Clancy Harrison discusses her unique perspective on discovering your role within the food security space. She shares a bit of her playbook that is both full of love and what she learned along the way.

About Clancy Harrison:

As the founder of the Food Dignity Project, a registered dietitian, TEDx speaker, international speaker, and author, Clancy Harrison challenges the way food insecurity is approached in the US. Her mission to demolish the stigma around healthy food access places her on the cutting edge of advocacy.  

Fight hunger with your superpower with the bigger picture in mind.

If we are going to fight hunger, we need to understand and recognize our power of influence, our super power. Everyone influences other people, whether you realize it or not.

A heartwarming smile can change the trajectory of someone’s day. While being cut off by someone in traffic is frustrating, annoying and insulting. In either instance, you influence minds, hearts, and actions- including your own. Why not try to change any situation for the better?

The world of food insecurity is like putting together a puzzle. You need to figure out how your power of influence and strengths fit into the larger picture. Once you see where your skills can be placed, you influence the pieces up, down and across the board. With the right fit, you end up leveraging your work and everyone surrounding you.

Together, your team can be efficient, effective, and have fun in the process.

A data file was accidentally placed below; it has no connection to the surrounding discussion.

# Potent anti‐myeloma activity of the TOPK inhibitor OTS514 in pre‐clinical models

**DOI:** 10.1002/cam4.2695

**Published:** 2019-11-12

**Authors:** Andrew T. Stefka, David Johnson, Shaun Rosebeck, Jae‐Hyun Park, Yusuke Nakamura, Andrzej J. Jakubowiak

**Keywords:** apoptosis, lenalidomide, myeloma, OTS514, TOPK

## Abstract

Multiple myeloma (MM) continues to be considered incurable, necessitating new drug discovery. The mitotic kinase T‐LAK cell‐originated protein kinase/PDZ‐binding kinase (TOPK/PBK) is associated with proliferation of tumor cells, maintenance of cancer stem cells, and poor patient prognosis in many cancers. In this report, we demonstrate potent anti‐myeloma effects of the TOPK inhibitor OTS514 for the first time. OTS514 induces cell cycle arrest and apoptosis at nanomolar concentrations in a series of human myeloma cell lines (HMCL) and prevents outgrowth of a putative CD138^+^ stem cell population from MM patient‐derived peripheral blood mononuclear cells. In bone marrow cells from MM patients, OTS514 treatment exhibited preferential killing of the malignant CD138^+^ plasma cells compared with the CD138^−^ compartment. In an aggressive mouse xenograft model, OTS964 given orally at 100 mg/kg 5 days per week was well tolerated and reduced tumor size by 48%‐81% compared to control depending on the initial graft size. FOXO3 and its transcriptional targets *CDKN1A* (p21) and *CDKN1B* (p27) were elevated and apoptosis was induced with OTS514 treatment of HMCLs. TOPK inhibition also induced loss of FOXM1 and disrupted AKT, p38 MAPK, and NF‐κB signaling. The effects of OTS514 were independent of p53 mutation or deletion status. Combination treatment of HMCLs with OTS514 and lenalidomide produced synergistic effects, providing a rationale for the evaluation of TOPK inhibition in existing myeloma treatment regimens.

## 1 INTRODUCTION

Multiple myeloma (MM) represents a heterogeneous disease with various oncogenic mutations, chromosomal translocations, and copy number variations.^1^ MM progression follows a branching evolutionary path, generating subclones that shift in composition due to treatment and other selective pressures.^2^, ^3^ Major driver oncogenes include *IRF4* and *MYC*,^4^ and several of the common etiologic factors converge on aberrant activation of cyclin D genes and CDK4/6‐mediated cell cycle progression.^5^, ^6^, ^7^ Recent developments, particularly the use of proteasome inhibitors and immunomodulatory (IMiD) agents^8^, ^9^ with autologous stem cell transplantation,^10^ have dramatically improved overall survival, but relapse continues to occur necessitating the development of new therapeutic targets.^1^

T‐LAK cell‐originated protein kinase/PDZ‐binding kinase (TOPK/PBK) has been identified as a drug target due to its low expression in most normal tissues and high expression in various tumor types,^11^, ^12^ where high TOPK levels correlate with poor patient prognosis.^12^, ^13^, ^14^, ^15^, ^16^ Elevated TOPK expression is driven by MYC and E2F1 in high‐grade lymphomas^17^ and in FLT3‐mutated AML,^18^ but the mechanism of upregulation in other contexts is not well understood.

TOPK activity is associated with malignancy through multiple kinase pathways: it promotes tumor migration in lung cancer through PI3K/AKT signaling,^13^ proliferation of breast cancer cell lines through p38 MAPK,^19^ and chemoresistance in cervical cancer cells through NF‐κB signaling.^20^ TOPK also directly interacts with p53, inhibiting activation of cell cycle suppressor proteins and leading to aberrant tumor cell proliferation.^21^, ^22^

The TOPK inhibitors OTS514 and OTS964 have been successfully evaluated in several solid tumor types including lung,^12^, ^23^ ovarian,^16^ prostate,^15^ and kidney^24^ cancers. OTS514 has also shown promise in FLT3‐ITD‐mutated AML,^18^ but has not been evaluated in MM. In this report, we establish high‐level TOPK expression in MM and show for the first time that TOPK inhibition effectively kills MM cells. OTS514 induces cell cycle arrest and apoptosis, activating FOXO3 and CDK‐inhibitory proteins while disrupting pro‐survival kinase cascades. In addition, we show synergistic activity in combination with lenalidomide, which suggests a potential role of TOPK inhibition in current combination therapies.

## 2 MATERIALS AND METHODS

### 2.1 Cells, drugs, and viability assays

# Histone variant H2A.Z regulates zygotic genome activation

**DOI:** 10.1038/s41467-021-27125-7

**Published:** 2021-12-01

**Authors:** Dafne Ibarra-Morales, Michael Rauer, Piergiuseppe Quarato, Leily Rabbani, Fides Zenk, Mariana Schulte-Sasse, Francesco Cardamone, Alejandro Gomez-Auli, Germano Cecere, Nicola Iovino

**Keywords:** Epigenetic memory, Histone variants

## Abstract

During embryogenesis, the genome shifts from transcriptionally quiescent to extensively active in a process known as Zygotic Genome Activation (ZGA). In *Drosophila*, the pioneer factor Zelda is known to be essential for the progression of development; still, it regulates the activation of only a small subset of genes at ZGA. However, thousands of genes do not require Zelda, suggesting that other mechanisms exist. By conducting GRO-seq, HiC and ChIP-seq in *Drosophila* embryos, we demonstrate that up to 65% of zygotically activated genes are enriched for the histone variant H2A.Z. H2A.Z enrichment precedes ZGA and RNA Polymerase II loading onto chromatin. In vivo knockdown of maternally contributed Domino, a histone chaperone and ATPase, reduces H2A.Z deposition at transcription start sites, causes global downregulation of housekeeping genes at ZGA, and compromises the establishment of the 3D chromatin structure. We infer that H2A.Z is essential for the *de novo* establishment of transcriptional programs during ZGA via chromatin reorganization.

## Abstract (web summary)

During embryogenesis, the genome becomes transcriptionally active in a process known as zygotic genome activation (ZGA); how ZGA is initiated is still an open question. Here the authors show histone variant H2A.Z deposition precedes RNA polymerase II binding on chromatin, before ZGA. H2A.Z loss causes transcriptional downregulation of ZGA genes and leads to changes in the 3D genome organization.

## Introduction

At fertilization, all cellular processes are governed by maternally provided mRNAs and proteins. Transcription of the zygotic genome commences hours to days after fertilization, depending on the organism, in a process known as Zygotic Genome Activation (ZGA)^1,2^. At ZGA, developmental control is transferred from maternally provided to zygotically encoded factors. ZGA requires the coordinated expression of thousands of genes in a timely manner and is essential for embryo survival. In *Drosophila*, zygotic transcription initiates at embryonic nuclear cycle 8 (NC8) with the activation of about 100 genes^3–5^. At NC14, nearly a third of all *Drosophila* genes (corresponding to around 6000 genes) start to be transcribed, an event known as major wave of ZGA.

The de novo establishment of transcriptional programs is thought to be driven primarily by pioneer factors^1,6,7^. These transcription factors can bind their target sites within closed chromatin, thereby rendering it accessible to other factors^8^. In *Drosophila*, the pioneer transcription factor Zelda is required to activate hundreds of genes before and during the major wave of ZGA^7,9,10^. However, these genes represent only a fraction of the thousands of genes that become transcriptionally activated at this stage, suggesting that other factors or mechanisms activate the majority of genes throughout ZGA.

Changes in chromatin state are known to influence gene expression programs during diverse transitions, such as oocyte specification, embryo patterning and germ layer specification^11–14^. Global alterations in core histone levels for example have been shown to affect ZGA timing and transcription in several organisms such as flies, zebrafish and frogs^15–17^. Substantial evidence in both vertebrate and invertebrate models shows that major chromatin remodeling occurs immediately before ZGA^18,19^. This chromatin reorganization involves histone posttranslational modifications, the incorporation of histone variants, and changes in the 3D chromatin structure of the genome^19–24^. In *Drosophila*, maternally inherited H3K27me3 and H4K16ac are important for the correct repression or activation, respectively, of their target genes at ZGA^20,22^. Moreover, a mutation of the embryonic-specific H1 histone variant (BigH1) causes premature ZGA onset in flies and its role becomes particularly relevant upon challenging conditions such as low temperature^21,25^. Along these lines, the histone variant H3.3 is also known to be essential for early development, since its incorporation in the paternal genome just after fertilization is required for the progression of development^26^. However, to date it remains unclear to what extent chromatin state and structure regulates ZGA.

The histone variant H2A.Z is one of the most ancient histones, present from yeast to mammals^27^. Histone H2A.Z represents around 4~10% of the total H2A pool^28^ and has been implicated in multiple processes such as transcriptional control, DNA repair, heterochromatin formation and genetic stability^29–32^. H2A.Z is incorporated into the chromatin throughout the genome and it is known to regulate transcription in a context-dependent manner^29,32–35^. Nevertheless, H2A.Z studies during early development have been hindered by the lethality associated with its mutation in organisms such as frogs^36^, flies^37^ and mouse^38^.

I often urge organizations to move within their wheelhouse, strive to join forces, figure out how to support anti-hunger organizations across the community, and in-turn work together to lift the entire community up. That’s how miracles happen.

To bring this point home, let’s look at what happened during the COVID-19 pandemic. The need for food surged dramatically. Many people and organizations wanted to help and rightly so. Here are some creative partnerships that our food pantry started during that time:

  • A balloon artist volunteered her time to make a visit to our food pantry a rosy experience for kids and not an embarrassment to the parents.
  • A healthcare system paid for a full time employee to implement COVID-19 prevention protocols.
  • King’s College allowed their employees to volunteer during food packaging and distribution.
  • We had an upswing of Latinx people who needed help, so Wyoming Seminary’s Spanish students translated materials for these guests.
  • Misericordia University provided their box trucks and a driver to pick up more food because we went from serving 150 guests weekly to 2,000 families.

As you can see, everyone pitched in to serve their community by using their resources effectively and purposefully.

Many times, people feel they have to donate their time or money to food pantries to help solve the hunger crisis. Instead, I ask people to reflect on their power of influence:

What are you good at?
Where are you influential?
What are you passionate about?
What doesn’t feel like work to you but fun?
What can you do that you love and get paid?

and then…

What’s the larger picture, and how can you contribute best with your skillset to fight hunger that lifts everyone and builds a greater capacity for change?

Hunger lives in your zip code and impacts everyone- your place of employment, where you pray, your children’s school, where you study and even where you play…Hunger is EVERYWHERE! You don’t have to look outside your organization to fight hunger. Instead, find the crack and be the glue using your superpower.

What can you do to help fight hunger within your power of influence? Let us know in the comments.

Learn More on the Food Dignity Podcast!